Kyle Wingfield: Rainy days are here for Georgia's school districts

Kyle Wingfield

Headlines aren’t always what they seem. That’s especially true when it comes to state spending on education.

The state budget approved this past week by the General Assembly trimmed $2.2 billion from the prior year. The pain was distributed fairly evenly, as most state agencies were cut by about 10%. The same was true for public schools, amounting to about $950 million.

If that number seems like a big one, it’s because k-12 schools are the single largest item in the state budget. Their cut was proportionate to their share of all state funding.

Here’s where the trouble with headlines comes in. Everything you just read is true, but it’s not the whole truth. The cries you hear about “balancing the budget on the backs of our students” fail to consider a whole lot more that we know about school finances.

In short, the kids are going to be alright.

You may recall that, when the pandemic hit, the entire state government’s reserves were $2.8 billion. Well, as of June 30, 2019, which was the end of the previous fiscal year, the state’s 180 public school districts held some $3.2 billion in reserves (that and the other figures that follow come from information provided by Rep. Jan Jones, the second-ranking member of the state House).

So, our public schools statewide had more money in reserve than the entire state of Georgia — which itself was better placed than most states.

Collectively, then, school districts’ reserves amounted to almost 3.5 times the amount by which the state cut k-12 spending. That positions them quite well to absorb the budgetary blow.

But wait, you may be thinking. Is this just a matter of some districts having really large reserves and skewing the totals? How do we know all districts can handle these cuts?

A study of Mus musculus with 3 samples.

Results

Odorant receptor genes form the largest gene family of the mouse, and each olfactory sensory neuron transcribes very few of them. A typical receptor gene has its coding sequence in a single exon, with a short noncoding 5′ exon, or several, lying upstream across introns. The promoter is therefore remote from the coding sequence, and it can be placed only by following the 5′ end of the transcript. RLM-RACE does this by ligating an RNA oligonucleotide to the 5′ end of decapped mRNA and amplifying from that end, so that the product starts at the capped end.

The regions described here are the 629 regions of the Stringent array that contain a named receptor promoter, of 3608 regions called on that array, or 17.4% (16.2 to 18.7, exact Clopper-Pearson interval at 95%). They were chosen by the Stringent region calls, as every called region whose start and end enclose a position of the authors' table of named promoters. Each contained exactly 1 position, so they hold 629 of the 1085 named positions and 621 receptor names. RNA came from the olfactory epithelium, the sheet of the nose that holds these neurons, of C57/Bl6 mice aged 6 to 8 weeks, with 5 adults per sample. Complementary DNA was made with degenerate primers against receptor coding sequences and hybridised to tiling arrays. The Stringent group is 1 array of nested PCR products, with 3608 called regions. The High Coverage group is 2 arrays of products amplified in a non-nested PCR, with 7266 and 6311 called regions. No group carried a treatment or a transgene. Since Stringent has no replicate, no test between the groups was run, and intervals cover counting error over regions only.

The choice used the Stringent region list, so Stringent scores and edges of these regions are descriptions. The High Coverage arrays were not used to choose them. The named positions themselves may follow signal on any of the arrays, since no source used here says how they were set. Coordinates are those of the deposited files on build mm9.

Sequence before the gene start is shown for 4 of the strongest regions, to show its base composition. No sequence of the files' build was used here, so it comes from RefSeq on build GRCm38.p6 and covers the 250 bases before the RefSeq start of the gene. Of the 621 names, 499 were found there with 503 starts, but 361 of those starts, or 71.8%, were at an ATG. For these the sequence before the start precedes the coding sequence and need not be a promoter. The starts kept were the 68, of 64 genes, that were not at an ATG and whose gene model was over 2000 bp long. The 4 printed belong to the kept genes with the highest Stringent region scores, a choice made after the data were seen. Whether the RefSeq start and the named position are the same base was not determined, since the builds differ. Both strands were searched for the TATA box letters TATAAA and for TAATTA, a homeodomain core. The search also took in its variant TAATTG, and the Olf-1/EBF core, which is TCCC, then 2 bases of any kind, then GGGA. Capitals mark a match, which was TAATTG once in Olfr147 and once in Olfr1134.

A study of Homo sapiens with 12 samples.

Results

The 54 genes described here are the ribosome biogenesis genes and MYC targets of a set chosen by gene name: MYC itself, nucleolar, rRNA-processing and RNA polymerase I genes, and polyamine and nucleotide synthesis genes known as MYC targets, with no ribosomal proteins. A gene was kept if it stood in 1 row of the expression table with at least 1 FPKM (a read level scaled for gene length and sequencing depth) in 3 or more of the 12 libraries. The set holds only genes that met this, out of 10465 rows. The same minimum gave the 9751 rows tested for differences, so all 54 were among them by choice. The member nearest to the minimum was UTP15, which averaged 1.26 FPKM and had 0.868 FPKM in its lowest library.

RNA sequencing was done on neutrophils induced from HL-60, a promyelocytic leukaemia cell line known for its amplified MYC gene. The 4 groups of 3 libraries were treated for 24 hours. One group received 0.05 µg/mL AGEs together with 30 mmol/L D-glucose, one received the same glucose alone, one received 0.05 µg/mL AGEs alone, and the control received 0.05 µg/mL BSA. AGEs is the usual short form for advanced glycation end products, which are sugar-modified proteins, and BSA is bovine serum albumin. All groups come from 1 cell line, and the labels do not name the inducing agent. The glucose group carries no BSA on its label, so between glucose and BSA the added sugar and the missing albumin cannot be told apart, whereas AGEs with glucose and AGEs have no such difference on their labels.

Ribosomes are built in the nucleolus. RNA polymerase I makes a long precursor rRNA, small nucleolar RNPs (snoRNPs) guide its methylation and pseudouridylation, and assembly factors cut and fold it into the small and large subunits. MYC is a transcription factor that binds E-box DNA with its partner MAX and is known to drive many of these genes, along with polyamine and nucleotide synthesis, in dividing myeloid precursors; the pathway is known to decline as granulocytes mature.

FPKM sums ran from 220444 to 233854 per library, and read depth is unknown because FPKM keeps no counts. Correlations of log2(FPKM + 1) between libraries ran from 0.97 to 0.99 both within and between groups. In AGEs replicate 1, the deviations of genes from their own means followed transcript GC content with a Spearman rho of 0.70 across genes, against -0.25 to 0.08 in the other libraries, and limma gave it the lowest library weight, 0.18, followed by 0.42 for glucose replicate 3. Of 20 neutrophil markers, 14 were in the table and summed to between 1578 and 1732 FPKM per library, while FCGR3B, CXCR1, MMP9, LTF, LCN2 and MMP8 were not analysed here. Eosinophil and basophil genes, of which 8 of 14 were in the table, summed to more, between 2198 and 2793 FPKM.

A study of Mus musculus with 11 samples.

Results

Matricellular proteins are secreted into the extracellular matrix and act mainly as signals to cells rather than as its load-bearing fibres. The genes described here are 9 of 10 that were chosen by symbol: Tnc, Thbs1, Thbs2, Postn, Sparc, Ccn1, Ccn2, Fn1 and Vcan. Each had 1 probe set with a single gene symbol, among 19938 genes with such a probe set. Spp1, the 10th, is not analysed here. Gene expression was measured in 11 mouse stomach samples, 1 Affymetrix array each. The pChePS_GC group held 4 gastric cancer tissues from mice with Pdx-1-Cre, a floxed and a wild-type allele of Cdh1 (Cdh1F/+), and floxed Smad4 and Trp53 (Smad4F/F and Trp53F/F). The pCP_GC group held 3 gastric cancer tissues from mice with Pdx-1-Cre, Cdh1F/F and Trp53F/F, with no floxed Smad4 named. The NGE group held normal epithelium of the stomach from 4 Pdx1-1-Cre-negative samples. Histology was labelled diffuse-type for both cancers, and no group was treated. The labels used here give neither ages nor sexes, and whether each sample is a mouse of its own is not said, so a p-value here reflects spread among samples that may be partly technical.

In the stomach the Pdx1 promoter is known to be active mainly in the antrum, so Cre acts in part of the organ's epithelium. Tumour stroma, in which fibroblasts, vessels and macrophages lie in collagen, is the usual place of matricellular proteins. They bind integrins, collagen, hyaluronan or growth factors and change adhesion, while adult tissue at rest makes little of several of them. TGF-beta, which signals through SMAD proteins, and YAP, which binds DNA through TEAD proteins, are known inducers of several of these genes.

Judge for yourself:

• 10 districts had more than 10 times as much in reserve as the state cut they face;

41 districts had at least five times as much;

114 districts had at least three times as much;

165 districts had at least twice as much.

That leaves 15 districts whose state cut would represent at least half of their reserves. Only three of them have less in reserve than the cut they’re receiving.

In other words, the vast majority of Georgia’s school districts have the means to cushion this budget blow.

But even those numbers don’t tell the whole story.

You may recall that the federal government in the past few months has sent trillions of dollars sloshing throughout the country. That money has gone to hospitals, state and local governments, public transit agencies, colleges — and, of course, k-12 schools.

Georgia’s state board of education has already passed along more than $411 million in funding from the federal CARES Act to k-12 districts. In fact, 10 districts received enough from the CARES Act to offset completely their cuts from the state.

Overall, when we add CARES Act funding and local district reserves, just eight districts have less than double the amount of the state cut they face. Only one of them, Chattahoochee County in west Georgia, faces a larger state cut than its combined CARES Act funding and reserves.

That is not the narrative you’re going to hear from the education establishment. You’re going to hear about a return to the “austerity cuts” of the previous decade. You’re going to hear about how the state should have “spread the pain” around more evenly by “raising revenues,” which is the polite way of saying “raising taxes.”

But the pandemic already has "spread the pain" around. I wonder: How many of those people or companies whose taxes would have been raised had reserves to the tune of twice, three times, five times or 10 times their lost income?

Should they have paid more taxes so that the vast majority of school districts could sit on more of their reserves?

It's to their credit that most school districts saved for a rainy day. That day has arrived.

Dalton native Kyle Wingfield is president and CEO of the Georgia Public Policy Foundation (www.georgiapolicy.org).